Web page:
Railroad disaster has roots
The former CP Farnham station, now the headquarters of the Quebec operation of the Montreal, Maine and Atlantic Railway, is classified as a heritage building and is in a sorry state of repair.
“They crawl to a stop, I could almost jump in,” said a lady whose backyard on Saint-Joseph Street, in Magog, abuts the Montreal, Maine and Atlantic Railways line, about the trains that take the curves there. On the other side, less than one hundred feet away, is the Memphremagog hospital. Actually, the closest part of the health complex to the railway is the one where the less mobile of residents are located: the CHSLD.
Last Sunday, we followed the routes that the Montreal, Maine and Atlantic Railways have in the region. That they are not up to speed or to any comprehensible standard is evident by looking at them with one’s eyes. But the proof in the pudding is the fact that the Orford Express, the tourist train that runs on these rails and is operated by the railway, Orford Express only owns the rolling stock, cannot go farther than Eastman at a maximum speed of 30 mph. A couple of years ago, La Tribune printed a famous picture of a railwayman leading by foot a MMAR train; an article in the same newspaper stating that the Orford Express was limited to 16 km/h for a while.
Yet, to a week. Seventyfive years ago, a British steam locomotive took the world record by reaching 125 miles an hour, downhill we might say. But then, in Canada at the same time, the so called Silk Trains were rushing with their million dollars worth of inventory at 75 mph.
The sorry state of railroading in America cannot be more exemplified than by the local rail company. It owns the line that crosses Magog but also the one from Coaticook to Newport, in Vermont, that one being the only other crossing into the USA that the railroad has. But diverting the traffic from the one that is now closed in LacMégantic and will be for the next couple of weeks, at least, for oil, is a rather far away option for MMAR.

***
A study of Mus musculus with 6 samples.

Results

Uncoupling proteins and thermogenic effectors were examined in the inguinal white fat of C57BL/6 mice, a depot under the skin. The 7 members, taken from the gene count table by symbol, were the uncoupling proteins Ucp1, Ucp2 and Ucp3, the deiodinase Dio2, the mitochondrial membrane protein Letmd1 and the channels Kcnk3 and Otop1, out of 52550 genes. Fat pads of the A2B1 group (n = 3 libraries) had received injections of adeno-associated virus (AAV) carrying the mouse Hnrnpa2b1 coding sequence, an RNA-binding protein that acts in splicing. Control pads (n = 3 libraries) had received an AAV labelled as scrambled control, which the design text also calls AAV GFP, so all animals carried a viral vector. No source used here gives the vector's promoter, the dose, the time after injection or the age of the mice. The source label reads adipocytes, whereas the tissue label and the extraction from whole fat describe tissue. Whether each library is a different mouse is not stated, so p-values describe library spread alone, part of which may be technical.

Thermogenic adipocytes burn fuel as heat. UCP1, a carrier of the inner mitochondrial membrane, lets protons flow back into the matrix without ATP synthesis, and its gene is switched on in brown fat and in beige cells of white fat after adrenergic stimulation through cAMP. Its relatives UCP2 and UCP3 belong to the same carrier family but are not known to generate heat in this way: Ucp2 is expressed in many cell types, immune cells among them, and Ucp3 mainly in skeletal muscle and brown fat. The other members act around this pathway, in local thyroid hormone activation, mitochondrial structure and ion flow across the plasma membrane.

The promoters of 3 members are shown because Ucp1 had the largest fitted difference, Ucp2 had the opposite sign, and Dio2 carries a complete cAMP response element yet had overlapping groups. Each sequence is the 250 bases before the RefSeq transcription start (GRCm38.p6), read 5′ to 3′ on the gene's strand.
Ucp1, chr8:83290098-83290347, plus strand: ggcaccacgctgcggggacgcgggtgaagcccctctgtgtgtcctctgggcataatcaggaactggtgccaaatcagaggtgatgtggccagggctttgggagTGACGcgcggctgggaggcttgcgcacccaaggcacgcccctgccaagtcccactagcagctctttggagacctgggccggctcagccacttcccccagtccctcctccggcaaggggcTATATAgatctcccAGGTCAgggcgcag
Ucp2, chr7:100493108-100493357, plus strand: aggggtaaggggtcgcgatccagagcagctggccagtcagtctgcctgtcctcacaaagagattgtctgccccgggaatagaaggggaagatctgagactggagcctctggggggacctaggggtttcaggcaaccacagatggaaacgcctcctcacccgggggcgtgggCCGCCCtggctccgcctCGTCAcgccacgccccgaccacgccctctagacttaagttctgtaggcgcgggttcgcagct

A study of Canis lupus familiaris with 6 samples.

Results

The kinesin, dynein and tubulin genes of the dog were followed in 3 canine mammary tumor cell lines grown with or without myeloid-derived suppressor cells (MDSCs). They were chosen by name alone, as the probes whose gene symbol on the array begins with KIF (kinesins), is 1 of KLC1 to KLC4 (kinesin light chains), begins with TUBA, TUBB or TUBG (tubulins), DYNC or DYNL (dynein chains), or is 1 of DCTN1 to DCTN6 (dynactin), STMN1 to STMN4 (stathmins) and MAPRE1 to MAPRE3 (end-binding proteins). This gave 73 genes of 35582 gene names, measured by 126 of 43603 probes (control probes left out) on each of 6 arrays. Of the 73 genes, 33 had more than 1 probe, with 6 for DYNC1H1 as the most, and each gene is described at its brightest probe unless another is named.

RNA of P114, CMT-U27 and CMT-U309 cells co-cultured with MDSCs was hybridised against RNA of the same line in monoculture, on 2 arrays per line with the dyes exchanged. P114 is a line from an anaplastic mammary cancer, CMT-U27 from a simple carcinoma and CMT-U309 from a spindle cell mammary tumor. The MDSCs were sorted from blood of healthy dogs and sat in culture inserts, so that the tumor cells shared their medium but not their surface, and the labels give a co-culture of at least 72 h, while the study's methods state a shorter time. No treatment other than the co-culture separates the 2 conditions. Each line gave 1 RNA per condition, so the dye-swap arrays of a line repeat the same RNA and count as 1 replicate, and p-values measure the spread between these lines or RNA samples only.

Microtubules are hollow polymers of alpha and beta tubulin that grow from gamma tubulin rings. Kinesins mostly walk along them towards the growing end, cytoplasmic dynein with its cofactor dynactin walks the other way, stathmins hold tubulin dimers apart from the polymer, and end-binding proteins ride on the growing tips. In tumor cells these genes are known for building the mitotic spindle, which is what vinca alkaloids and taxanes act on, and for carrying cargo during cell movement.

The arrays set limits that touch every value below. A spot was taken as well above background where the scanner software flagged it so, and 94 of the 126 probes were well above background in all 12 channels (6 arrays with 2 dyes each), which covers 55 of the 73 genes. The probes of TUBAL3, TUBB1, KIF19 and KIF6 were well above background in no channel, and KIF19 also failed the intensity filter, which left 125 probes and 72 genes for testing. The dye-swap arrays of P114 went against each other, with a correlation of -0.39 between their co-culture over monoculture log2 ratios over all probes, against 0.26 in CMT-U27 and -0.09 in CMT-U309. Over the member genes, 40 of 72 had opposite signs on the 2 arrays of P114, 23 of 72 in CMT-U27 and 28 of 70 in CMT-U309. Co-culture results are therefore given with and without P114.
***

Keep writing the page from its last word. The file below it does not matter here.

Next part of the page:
Looking at the condition of the company’s Canadian headquarters in Farnham, one would be hard pressed to say that this is a heritage building on the Canadian Register of Historic Places. And the open yard may be marked with no trespassing signs but it is an open field available to all. Even on Sunday, with all the media attention the company was getting, no railroad police guarded the place. This reporter, having spent summers in Farnham in the 1950’s, could hardly believe what he witnessed.
But there is more to MMAR than operating barebone railroads; it is also involved in repairing locomotives in Derby, Maine. It is there that the locomotives from the Agence
Métropolitaine de Transports, from the greater Montreal region, were redone and leased by the parent company of MMAR, Rail World.
The Stanstead Journal also learned that while Canadian locomotive engineers cannot work in the USA, the reason why the crew changeover was done in Nantes, where the runaway train started its deadly run, the reverse is not true. Written requests to Transport Canada on this particular issue were answered in a media teleconference yesterday. Our other question, relating to the speed rating of the line between Farnham and Lennoxville, asked on Sunday, has remained unanswered as we went to press.
The only sign that the Farnham yard is now under the MMAR ownership, it is open to all to enter.
The track curving on a slope with the Magog hospital in the rear.